Waddington Galleries, London, where acquired by the present owner 1st July 1976
Marco Livingstone, 'Patrick Caulfield: A Text for Silent Pictures,' Art & Design, 1992, Academy Group Ltd, London, illustrated p.40;
Marco Livingstone, Patrick Caulfield Paintings, Lund Humphries, Aldershot, 2005, p.71, illustrated p.77.
Café Interior: Afternoon exemplifies the bold stylization and dynamic use of intense saturated colour for which Caulfield has become most well known. It belongs to a highly important series of works from the late 1960s and early 1970s which focus on the interior; a traditional subject innovatively updated and reconfigured in Caulfield's trademark style. The interior motif accounted for an important period of transition in Caulfield's work. There came a busier sense of form via a more complex linear grid, which was set against a simpler use of colour. His paintings became larger; board was replaced by canvas and oil gave way to acrylic.
These seminal interiors consist of familiar objects and invented places that create the illusion of three-dimensional space through clever use of two-dimensional forms and devices. The viewer is encouraged to feel as if they are walking into the room, which is maximised by the large scale and perspective at eye-level. As engaging is Caulfield's distinct use of colour that animates the composition in conjunction with the emphatic diagonal lines, exemplified in the present work. Colours which one would imagine could not succeed in a painting combine and dazzle – it is from such effects that Caulfield has justifiably been referred to as 'the most inventive colourist of any British painter of the late twentieth century' (Ibid, p.11). Caulfield's employment of colour also offsets the sense of detachment in the drily descriptive line and precise finish of his paintings by the emotional response it engenders in the viewer.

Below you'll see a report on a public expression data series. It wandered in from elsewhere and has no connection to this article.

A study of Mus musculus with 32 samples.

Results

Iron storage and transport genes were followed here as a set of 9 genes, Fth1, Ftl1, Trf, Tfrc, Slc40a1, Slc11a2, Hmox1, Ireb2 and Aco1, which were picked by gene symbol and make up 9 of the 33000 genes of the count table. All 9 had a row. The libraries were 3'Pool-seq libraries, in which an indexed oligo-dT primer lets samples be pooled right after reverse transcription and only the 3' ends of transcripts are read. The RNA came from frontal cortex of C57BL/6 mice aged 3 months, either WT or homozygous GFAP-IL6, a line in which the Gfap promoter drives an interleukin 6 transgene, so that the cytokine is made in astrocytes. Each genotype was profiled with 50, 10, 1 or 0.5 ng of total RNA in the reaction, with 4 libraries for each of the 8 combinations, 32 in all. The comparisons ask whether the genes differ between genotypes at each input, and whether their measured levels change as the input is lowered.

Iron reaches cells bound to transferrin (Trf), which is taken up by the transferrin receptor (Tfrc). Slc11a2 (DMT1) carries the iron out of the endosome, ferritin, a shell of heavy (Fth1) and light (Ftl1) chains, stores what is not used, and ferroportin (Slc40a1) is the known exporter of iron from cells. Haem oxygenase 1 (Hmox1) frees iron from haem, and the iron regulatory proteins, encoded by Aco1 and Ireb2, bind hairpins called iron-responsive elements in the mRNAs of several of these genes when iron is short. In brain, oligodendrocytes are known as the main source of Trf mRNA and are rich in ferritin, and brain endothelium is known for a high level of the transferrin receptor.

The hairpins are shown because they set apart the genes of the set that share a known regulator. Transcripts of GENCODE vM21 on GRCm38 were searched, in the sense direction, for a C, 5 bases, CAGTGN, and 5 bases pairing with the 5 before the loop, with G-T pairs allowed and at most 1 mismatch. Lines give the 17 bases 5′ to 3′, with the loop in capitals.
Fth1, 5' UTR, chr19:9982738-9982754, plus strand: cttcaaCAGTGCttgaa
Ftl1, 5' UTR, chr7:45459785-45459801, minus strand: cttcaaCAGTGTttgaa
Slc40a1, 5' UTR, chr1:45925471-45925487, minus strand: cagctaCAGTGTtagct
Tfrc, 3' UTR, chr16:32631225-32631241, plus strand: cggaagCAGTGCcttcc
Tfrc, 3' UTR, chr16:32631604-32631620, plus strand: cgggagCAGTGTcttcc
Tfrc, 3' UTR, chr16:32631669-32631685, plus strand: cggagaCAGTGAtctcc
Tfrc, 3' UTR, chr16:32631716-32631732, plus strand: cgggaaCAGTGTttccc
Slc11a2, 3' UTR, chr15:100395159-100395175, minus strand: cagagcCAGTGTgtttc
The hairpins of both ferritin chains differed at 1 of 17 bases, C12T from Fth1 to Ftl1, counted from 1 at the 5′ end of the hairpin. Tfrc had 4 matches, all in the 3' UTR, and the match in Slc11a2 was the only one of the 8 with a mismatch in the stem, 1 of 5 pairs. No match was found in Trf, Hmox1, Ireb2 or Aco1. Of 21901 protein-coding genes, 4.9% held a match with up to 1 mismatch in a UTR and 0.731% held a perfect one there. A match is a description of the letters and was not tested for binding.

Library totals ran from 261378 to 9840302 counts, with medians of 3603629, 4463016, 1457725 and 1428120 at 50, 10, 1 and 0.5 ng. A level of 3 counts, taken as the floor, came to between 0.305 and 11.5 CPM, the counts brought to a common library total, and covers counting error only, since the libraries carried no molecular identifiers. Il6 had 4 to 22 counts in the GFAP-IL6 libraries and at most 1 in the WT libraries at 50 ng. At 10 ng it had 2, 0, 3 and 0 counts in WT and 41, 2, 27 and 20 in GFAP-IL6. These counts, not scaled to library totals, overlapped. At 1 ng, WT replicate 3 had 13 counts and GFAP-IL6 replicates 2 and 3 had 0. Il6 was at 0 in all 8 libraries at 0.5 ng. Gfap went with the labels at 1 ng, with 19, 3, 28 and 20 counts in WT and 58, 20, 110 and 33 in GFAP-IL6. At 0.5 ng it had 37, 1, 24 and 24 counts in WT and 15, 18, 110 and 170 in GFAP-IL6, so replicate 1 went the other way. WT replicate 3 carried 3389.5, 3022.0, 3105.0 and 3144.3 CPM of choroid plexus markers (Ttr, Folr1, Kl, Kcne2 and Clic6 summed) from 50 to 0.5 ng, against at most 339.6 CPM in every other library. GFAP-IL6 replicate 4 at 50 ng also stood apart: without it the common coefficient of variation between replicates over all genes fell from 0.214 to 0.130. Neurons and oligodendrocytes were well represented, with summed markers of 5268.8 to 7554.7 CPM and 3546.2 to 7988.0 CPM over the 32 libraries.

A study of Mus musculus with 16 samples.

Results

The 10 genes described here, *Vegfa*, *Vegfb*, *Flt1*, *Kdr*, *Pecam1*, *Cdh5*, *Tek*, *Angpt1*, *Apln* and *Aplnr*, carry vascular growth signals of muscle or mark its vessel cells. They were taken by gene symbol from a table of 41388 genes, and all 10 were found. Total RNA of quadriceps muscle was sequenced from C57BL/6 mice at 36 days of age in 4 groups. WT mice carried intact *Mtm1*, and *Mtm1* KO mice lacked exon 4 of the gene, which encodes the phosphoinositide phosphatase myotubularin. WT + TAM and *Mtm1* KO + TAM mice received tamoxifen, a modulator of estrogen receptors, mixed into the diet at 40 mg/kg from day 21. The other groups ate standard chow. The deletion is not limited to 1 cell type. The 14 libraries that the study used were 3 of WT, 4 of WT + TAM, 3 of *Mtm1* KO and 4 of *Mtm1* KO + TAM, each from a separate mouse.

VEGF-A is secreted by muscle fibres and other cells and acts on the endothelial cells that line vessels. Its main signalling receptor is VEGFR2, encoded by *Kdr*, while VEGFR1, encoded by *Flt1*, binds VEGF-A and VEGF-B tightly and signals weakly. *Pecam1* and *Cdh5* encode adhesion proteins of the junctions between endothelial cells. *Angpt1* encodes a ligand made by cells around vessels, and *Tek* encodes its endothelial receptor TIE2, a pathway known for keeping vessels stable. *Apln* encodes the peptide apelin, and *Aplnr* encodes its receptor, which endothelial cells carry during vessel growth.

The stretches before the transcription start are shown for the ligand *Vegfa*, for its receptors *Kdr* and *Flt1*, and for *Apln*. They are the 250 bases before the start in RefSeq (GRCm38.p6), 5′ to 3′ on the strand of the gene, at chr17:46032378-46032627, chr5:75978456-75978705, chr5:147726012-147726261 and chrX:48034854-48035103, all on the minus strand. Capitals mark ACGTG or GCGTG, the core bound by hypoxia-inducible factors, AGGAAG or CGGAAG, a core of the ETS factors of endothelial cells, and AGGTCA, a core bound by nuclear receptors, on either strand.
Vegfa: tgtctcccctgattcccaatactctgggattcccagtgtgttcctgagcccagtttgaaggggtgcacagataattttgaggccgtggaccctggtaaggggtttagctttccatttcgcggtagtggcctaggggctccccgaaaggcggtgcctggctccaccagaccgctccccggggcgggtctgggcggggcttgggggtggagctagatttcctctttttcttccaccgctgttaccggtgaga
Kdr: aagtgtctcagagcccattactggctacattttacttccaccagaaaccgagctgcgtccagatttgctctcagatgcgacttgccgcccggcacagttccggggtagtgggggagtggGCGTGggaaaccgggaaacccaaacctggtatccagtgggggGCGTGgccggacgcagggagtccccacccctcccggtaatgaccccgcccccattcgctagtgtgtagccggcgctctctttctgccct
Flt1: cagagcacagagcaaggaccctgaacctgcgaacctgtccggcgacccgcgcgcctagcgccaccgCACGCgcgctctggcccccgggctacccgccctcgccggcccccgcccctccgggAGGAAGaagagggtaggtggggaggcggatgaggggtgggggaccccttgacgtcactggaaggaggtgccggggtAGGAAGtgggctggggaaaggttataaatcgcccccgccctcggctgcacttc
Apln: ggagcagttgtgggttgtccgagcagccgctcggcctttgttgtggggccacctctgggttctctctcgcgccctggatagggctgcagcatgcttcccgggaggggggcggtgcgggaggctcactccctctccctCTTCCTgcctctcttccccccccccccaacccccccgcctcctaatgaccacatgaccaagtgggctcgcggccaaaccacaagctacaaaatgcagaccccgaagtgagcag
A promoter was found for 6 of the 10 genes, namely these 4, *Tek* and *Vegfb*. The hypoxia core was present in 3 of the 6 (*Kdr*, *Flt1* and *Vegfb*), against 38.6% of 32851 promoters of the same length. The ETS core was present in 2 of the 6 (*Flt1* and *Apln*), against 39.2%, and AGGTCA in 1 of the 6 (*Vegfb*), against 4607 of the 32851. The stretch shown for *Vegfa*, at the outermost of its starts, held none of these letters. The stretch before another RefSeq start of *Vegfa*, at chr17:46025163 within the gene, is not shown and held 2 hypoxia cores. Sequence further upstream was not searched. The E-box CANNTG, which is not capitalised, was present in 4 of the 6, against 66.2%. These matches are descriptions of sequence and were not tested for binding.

Perhaps most impressively of all is the sense of light that Caulfield achieves in the crisp blocks of colour which give it a palpable physical reality. Leading up to this date, Caulfield had become increasingly interested in the multifarious effects of light and more specifically on the subtleties imbued in different sources of light, such as the warm glow of Smokeless Coal Fire (1969, Whitworth Art Gallery, Manchester) and the artificial light silhouetted in Lit Window (1969, Private Collection). In Café Interior: Afternoon, the play of light and shadow achieves its most dramatic result, literally bursting across the picture plane in a vigorous pattern of diagonals.
Caulfield's imagery is readily drawn from the realm of the familiar, which he treats in a formalised manner. The convivial interiors of his paintings take on a cool, detached atmosphere, which is achieved through a conspicuous absence of human presence and by containing the objects within fixed, rigid lines. This method maximizes their presence and suggests a symbolic content, although no further meaning is explicated. As with Caulfield's paintings, subtleties and visual metaphors lie under the surface for the spectator to determine themselves. A subversive humour often resounds and Café Interior: Afternoon, with its moulded plastic seats, possesses a hint of irony shared in similar works such as Interior with Room Divider (1971, Private Collection) and Dining Recess (1972, Arts Council Collection, London) that draw upon slightly out-dated, popular suburban design.
One of Caulfield's most impressive achievements is his ability to convey direct and immediate images through such an economic but sophisticated use of colour and line. Bold and assured, the graphic appearance of Caulfield's paintings belies their spatial and stylistic complexity. In executing these paintings, Caulfield purposefully adopted a clean, impersonal style which has paradoxically become his identifying signature. However, in Café Interior: Afternoon, Caulfield places a hint of the personal in the pipe that rests on the table, referencing one of his favourite habits and which was to appear in the last of his paintings. As a symbol of Caulfield, it goes hand in hand with the vitality that is exuded in the present painting.